I'll spare the convoluted story as to how this all came to be, but basically, I am faced with the option of purchasing a new, Schreiber 7070 oboe at the same, sub-$2K price as the Schreiber 7060. Please don't say "get a Fox/Yamaha/Loree"; I'm sick of online research & I know these are fine, intermediate oboes at a very good price (get me a new Fox 333 at that price & we'll talk )
As you may know, these are identical...not close, IDENTICAL TO the Buffet 4052 and 4057 models (another long story that I can get into if you want), and pretty much identical to each other, but...
the 7060 is 'semi-automatic', and the 7070 is fully-automatic....that's it. Of course, the full-auto models cost a good-deal more than the semi-auto ones, but after reading up on the differences, that doesn't mean 'better'; it's a preference thing.
This is for my 10 yo son who's just starting out; my logic for going this route is that if he quits in 1-10 years, I can re-sell if for only a few $hundred$ less than I paid for it, vs. renting-to-own a crappey yamaha 211...paying $1500+ & then struggling to get $400 on ebay.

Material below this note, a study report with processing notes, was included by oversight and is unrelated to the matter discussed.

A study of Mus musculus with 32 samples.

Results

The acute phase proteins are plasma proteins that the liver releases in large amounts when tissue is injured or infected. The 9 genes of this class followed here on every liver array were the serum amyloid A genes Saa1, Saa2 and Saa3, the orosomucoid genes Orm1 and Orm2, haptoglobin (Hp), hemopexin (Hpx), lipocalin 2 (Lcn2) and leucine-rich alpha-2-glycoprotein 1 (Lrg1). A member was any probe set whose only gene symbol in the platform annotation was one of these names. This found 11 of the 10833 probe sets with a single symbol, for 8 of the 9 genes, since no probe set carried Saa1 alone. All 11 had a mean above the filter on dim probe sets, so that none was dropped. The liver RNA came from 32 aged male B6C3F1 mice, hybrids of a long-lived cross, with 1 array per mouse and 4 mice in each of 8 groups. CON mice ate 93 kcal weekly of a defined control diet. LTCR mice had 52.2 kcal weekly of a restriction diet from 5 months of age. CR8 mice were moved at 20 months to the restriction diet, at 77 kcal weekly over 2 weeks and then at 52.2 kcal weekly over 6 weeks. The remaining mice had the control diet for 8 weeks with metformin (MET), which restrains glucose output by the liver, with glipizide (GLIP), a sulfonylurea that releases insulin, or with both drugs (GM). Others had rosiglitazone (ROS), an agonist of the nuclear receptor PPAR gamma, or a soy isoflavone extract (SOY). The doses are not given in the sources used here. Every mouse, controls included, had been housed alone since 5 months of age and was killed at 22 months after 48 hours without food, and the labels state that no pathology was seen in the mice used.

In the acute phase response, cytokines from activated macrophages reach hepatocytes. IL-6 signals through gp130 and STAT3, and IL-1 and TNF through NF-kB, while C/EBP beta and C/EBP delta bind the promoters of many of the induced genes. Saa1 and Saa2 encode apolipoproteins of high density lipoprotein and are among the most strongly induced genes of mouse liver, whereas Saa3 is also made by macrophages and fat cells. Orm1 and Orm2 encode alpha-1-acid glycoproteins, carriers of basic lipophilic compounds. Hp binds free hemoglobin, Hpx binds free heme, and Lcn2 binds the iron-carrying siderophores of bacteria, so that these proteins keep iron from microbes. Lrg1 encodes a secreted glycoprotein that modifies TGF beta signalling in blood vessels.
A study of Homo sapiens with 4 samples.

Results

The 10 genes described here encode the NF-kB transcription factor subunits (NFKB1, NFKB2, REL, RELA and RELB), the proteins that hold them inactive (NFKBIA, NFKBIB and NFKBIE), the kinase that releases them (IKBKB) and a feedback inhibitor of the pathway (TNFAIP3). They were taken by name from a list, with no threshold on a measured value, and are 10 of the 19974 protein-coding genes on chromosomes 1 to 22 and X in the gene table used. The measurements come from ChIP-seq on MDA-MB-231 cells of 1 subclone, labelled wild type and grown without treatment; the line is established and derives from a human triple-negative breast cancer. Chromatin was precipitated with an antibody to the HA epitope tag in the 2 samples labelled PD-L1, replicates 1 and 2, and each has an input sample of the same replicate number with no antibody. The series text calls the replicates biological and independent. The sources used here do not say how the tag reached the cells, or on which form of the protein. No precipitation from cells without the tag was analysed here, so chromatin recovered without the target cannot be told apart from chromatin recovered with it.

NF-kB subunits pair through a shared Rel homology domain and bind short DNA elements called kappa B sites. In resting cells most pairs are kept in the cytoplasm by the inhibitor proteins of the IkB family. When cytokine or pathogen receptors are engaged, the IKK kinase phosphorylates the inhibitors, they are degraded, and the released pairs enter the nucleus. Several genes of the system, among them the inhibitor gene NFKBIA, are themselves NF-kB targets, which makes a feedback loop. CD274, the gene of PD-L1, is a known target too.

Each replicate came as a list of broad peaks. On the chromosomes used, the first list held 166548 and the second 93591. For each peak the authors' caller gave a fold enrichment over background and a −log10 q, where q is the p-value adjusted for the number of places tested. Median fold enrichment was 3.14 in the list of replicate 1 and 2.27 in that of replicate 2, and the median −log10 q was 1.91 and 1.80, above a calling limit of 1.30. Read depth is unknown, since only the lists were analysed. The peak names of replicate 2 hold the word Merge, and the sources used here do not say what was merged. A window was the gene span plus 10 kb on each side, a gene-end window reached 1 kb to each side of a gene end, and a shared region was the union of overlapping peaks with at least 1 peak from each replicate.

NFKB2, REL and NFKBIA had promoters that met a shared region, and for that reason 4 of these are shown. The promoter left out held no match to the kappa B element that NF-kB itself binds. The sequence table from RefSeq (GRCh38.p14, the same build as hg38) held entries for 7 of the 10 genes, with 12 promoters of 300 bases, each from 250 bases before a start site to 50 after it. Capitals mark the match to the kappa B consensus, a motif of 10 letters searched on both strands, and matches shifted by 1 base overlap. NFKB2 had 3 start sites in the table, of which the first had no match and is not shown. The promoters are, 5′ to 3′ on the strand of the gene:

SO...recommending for a beginner, not yourself...if presented with two nearly identical oboes of the same brand; one semi-auto & one full-auto..but at the price of the semi-auto...what would you suggest?
Thank you...this forum has been a lot of help in my online research.
Go for the semi automatic.
1. Full auto can be a nightmare when it goes out of adjustment - there is enough to go out of adjustment on oboes without that extra worry.
2. The full auto restricts alternative fingerings for very high notes - although not a problem for a beginner.
3. I feel the price of the fully auto oboe will drop more than the semi as they aren't as popular. Which is probably why the 7070 is being offered at the same price as the 7060.
The Semi-automatic is mush more common except for in Germany I think, but the Full-automatic models slowly gets more and more of the market. At the same price, I choose the full-automatic, but for a youth I probably take Semi-automatic.
Again, semi-auto. Also, just in case your son does decide to get serious about oboe, he can still learn the third octave fingerings even if they are more complicated. I borrow a semi-auto from my school and I still made 1st chair at the past Band Clinic. So, to an extent, a good tone relies on the the oboe. But it also relies on the player and the reed. But make sure that before you commit to any oboe, see if your son can try it out or get a warranty. You don't want to get stuck with a bad oboe. My experience with Shreiber hasn't been good, and I know that's your only option, so be sure to be able to test the oboe first.